In the industrial age, the GDP growth in the Western world had been funded by constantly increasing debt levels. Governments, companies and families were able to take on more loans through sofisticated financial instruments. Countries year after year funded deficits with newly issued obligations. As long as the debt in percentage of GDP remained constant, more debt was not considered an issue in the high growth Western economies of the last decades.
Not only governments used debt insruments to fuel growth of the economy. We all took on mortgages, personal loans and car leases. The impact of this loan explosion was twofold. It made us asset rich (inflated though ..) and it boosted the economy through higher spending. While we became richer in terms of assets, the dark side became apparent after the 2008 credit crunch. Many families that bought into the real estate market found that their assets no longer were ‘in the money’ as the value of their properties declined below the mortgage obligations. Incurring debt changes the nature of (legal) ownership into economic ownership of options.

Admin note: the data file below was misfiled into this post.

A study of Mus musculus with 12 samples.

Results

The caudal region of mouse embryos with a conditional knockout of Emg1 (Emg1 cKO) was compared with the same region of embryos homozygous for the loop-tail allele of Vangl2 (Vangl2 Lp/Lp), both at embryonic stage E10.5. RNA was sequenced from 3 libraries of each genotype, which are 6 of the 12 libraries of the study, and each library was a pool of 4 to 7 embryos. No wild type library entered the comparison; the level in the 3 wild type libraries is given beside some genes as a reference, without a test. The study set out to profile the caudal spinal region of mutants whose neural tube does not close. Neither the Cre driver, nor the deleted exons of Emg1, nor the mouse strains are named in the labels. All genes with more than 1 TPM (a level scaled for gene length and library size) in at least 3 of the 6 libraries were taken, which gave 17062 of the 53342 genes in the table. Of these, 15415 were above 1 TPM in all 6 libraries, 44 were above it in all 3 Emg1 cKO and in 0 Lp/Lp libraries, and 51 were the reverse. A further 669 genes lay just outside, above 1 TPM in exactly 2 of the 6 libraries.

Also companies gradually introduced debt funding as a key instrument to value creation. Whereas 50 years ago loans were occasionally used to fund capital expenditure or working capital, the leveraged buy out market was until 2008, driven by financial leverage capacity of up to 10x EBITDA. The consequent high company valuations created the perception of a bright future and wealth. Again resulting in higher spending and fueling the economy. Yet, similar to the mortgage market, the option (on value creation) became part of the nature of equity ownership. The claim of the equity holders is limitted to value creation (or loss) as the claims of the debt holders come first (interests and repayments). According to the Miller & Modigliani theory, financial leverage creates value as it lowers the cost of capital. Not unlimmitted though. The credit crunch illustrated clearly that the pay off of to much leverage is an increased risk profile and credit default risk…
Debt and oil fueled the industrial economy. It created wellfare and GDP growth. It made many of us wealthy. However, the flipside of the debt fueled economy is the following: legal ownership is not the same as economic ownership and these two types of ownership diverted more and more. Too much debt makes us vulnerable to risk. It is obvious that more debt is not an option. This is even more true as continuous innovation & industry disruption result in shorter Product Life Cycles’s with a shorter forecast horizon and increased risk.
So what is next? How to develop a new democratized and mindful economy? Open Incubation is building upon social & open innovation and distributed entrepreneurship. In this blog I will explore the concept op Open Incubation, provide cases and develop a framework.